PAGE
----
Reverting Back to ‘Percentage System’ in Evaluating Students’ Performance in Myanmar Universities


The National Education Strategic Plan was launched at Nay Pyi Taw on 23 February 2017. It is heartening to learn the plan.
In this brief note I would write on one particular aspect of evaluation of performance of students in all University courses in Myanmar at the undergraduate level. To the best of this writer’s knowledge since the then ‘New Education system’ was adopted in the year 1964, all evaluation of performance of students in all Myanmar Universities in all disciplines and subjects is through the ‘Grade System’: that is Grade 1 being the lowest and Grade 5 being the highest.
From this writer’s firm memory ‘Grade 1’ is considered to be a bad failure. ‘Grade 2’ is a bare pass for minor subjects (i.e. subjects in which the student does not major) but it is a failure for a subject a student “majors” or specializes in. Say, a student majors or specializes in law. He or she needs to get a ‘Grade 3’ to pass in all law subjects but for minor subjects like logic and economics a ‘Grade 2’ would suffice to pass. (At least that was the situation a few decades ago though I am not sure about now).
Ostensibly the use of the Grading system as well as the majoring system adopted in what was then touted as the ‘New Education system’ in 1964 was taken in whole or in part from the then Soviet Union or former ‘socialist democracies’ of Eastern Europe.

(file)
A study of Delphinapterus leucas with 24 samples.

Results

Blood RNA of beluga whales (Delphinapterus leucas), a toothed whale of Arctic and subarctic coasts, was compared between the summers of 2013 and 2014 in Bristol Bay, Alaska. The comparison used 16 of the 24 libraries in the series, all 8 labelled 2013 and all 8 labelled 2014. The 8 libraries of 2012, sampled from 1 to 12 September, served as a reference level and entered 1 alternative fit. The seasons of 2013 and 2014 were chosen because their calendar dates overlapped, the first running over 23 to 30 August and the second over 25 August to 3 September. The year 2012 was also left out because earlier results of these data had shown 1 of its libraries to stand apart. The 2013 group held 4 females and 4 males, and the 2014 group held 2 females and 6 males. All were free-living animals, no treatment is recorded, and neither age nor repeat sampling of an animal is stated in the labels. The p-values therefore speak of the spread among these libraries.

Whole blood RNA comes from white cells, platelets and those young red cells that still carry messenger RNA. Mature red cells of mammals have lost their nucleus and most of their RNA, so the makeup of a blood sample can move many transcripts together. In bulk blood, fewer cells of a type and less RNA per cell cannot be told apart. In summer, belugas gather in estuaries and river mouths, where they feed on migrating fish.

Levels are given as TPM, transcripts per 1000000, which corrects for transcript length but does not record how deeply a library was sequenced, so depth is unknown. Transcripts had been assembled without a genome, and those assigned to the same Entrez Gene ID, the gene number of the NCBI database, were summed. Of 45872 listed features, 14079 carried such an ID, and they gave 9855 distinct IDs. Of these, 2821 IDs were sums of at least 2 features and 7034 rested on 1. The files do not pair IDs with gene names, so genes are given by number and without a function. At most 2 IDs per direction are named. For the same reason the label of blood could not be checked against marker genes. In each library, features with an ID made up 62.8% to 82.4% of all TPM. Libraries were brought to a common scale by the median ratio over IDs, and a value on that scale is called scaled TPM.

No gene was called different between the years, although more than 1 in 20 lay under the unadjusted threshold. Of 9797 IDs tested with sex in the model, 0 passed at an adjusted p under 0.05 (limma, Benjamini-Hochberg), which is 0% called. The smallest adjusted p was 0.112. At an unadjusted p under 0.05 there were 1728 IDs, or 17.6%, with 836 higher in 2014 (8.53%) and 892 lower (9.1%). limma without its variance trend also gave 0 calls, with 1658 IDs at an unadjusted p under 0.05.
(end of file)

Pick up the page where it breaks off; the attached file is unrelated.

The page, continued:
Since 1990 until recently the writer has taught mainly law subjects and also a few law-related subjects in nine Universities in Australia, Malaysia and the South Pacific. None of the Universities uses the (shall we say) anomalous Grade 1 to Grade 5 system which I understand is still used in most undergraduate courses in Universities in Myanmar after more than 50 years.
Instead they use the percentage system out of 100 and then give alphabetical numeric to indicate the ‘Grade’.
For example, in a University in Malaysia where the writer had taught until recently marks that can be given on students’ performance range from alpha-numeric F (bad failure; below 40 marks to C minus (46 to 49 marks) B minus, B and B plus (60 to 74 marks) to A minus to A to A plus (75 to 79 marks A minus, 80 to 89 A and 90 and above A plus).
The writer believes that this system of initially marking out of 100 marks and then giving alphabetical (instead of the number Grade 1 to Grade 5) is less arbitrary (when and how does Grade 3 pass ‘transform” into Grade 4 ‘credit’? ) gives more nuanced if not exactly precise evaluation of the students’ course work and exam performances.
The writer realizes that changing the entrenched system of ‘Grading’ to alpha-numeric percentile system could not perhaps be that easily implemented but as a few of my former students said after answering my exam questions it is ‘doable’.
To directly quote and paraphrase from a slogan during the 2015 elections, it is time to change or revert back to the pre-1964 percentile-based student evaluation system of old with some innovations during the implementation phase of the National Strategic Education plan.